Claude Monet, L'arbre en boule, Argenteuil, (detail) 1876
Auguste Rodin, Eustache de Saint Pierre Vetu, Grand Modèle, 1884-1886
from The Burghers of Calais
Auguste Rodin, Anrieu d'Andres Vetu, Grand Modèle, 1884-1886
from The Burghers of Calais
Amedeo Modigliani, Jeanne Hébuterne Con Cappello c. 1919
Pierre-Auguste Renoir, Fleurs et Fruits c. 1889
by Stewart Waltzer
May 13, 1997 -- If you were expecting a kinder and gentler art market, think again. Tonight's auction at Sotheby's New York emphasized the rarity of an event like the Loeb sale at Christie's on Monday evening, May 12. The joie de vivre, the eclat, the esprit, were all absent. In its place was the bid `em and buy `em of the everyday art business. But visions of dancing dollar signs were quickly put aside as Simon de Pury passed lots two and three. It was an omen of things to come.
One can't fault the auctioneer. De Pury was playing to a cold room. After the Loeb sale, any act would have seemed second rate. Sixty-six lots were offered with a total hammer value just short of $75,000,000. It was indicative of geo-tectonic changes going on in the art market.
Monet was off this night as well. The Palais Dario (1908), previously unsold at auction in 1995 with an estimate of $3,000,000 to $4,000,000, barely found a buyer this time around at $2,000,000, the low end of its projected price. His 1876 picture, L'arbre en boule Argenteuil, was not as lucky and passed at $3.4 million. Le Pont Japonais (c. 1818-24) was also passed at $2.4 million in spite of its inclusion in the forthcoming exhibition of late Monet. The Monet from Bordighera in the South of France, La vallée de Sasso, effet bleu (1884), sold at its presumed reserve of $1.3 million over an estimate of $1.5 million to $2 million. Monet, an economic mainstay of the market, was way off.
Works by Cezanne, van Gogh, Sisley, Degas and Pissarro were either passed or sold off at low prices. Though many of the pictures were less than first quality, the room showed an uncharacteristic discernment as it let them go unsold.
The room also made mincemeat out of the five late, life-size casts offered of the individual Burghers of Calais. Issued by the Musee Rodin in 1982 (rather than the Rudier foundry 50 years earlier). The work failed to find a buyer at $2.4 million bid, under its presale estimate of $3 million to $4 million.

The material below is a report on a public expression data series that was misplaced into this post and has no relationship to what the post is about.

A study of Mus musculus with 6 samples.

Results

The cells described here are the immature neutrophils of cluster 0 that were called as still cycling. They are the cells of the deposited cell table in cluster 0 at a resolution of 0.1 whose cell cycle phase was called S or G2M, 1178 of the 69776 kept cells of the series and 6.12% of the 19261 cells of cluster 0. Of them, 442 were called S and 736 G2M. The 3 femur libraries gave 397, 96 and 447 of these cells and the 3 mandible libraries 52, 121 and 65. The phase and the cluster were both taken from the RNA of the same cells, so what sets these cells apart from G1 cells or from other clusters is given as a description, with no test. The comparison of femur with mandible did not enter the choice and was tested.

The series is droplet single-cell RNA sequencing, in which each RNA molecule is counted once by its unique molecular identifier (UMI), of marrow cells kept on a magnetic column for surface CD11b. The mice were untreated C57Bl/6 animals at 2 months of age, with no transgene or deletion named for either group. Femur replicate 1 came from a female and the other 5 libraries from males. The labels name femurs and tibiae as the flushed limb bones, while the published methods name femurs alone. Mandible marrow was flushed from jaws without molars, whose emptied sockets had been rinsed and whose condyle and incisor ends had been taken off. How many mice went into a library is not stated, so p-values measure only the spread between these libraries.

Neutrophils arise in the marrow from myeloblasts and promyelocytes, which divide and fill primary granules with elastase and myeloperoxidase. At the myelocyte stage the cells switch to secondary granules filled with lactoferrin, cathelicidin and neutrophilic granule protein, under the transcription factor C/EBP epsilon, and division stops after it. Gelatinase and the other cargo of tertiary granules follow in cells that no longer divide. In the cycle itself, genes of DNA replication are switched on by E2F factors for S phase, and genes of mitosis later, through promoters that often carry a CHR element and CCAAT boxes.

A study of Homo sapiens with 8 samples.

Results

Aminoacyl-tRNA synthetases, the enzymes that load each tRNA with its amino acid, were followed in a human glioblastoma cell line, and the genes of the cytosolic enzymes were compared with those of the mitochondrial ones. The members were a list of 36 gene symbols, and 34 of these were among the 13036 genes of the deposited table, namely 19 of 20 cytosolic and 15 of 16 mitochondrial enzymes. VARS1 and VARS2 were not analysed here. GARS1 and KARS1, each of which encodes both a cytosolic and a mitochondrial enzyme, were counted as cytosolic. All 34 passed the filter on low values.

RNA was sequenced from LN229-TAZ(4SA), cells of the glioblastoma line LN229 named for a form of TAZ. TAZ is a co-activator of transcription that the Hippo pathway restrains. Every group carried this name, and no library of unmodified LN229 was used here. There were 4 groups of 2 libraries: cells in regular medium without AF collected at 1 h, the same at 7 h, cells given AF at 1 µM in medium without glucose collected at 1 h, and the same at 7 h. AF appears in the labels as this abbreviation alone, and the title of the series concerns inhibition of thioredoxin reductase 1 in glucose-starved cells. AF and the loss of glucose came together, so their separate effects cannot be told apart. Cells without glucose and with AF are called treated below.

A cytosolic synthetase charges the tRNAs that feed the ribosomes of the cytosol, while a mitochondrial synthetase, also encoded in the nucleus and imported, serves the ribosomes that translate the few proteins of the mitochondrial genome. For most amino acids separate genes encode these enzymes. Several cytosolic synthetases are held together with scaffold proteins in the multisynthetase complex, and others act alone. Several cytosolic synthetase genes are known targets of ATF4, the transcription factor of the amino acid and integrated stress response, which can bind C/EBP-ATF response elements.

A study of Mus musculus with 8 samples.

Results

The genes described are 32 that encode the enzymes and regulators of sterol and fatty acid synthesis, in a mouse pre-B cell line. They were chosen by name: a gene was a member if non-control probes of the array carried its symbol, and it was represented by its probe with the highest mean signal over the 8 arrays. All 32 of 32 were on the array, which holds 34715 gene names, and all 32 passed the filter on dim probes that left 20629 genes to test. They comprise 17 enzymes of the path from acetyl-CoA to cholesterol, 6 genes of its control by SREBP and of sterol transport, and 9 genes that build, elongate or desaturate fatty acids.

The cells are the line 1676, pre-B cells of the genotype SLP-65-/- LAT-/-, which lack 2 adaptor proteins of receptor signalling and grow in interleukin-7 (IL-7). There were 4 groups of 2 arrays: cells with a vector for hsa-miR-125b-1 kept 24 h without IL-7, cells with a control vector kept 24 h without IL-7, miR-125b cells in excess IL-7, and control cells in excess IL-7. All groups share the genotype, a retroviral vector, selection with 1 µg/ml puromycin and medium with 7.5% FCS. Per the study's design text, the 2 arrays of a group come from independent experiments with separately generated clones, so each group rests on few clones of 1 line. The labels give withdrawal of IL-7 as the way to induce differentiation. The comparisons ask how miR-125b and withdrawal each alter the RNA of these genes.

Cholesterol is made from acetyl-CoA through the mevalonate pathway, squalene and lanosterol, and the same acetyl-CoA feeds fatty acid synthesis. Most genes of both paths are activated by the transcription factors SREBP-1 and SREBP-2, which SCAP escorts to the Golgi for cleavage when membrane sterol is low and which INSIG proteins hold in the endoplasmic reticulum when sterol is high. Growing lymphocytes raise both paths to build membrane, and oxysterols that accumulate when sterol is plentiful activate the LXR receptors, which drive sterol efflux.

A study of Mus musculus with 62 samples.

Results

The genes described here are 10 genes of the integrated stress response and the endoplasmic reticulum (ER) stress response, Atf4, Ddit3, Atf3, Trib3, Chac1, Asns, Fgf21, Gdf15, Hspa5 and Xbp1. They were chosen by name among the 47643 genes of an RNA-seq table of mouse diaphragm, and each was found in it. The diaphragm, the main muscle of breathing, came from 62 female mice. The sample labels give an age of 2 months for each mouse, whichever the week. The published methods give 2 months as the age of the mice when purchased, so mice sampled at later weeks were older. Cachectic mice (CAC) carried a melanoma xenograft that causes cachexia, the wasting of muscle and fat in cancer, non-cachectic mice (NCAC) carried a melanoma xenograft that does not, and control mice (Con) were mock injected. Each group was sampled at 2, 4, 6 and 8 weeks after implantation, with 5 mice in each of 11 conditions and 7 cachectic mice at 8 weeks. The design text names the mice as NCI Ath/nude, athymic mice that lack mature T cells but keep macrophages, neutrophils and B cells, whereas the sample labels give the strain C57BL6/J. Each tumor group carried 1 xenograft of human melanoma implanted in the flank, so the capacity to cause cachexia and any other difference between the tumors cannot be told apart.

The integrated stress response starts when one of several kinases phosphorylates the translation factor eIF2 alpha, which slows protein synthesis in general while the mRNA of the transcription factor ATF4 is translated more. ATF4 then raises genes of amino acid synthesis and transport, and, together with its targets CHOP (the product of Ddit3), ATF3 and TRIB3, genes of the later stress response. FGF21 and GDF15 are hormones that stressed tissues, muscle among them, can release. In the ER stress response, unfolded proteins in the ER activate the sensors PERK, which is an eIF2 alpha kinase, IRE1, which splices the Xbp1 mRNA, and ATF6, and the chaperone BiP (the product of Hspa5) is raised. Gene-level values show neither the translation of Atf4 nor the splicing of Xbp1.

The Modigliani, Jean Hébuterne con Cappello (c. 1919), sold in lackluster bidding for $8.7 million.
The high point of the evening came when the Degas Danseuses (1899) sold for $10 million in very warm competition. It was a pastel of the corps de ballet, exquisitely drawn, and de Pury drew it out to its full value.
The surprise of the night was the sale of the Klimt landscape, Litzlbergerkeller am Attersee (1915-16). Estimated at $5 million to $7 million, it seemed as if de Pury would hammer the work down at the low estimate. But in his typical "just in time" style, he drew the work out to $9 million in $100,000 increments. The bid then advanced in $200,000 increases until it was finally sold for $13.4 million. Two men in eyeshades could have counted out the money faster.
A Renoir still life, Fleurs et Fruits (c. 1889), sold at $3.3 million, more than twice its presale estimate.
In the second half of the sale, de Pury settled down to sell works of lesser value at full prices. He was forceful if not fast, and made up the evening's value in the more ordinary lots. He went on unchecked until the blown Chagall market brought the sale to an end.
$75 million is a respectable total. And if the high fliers augered in, they had only themselves to blame for putting on airs and fancy estimates. The crowd was genial as it left. They had seen the end and this wasn't it. One becomes familiar with the ways of the new market. Sotheby's did an excellent job, given the material available to it.
Total volume at the hammer: $73,790,000 on 66 lots. 56% of the lots (37) failed to exceed the low estimate at the hammer. 35% of the lots (23) exceeded the low estimate but not the high. 9% of the lots (7) exceeded the high estimate. 16 lots were passed (25%). Prices here do not include the auction house's commission, which is 15% on the first $50,000 and 10% on the remainder.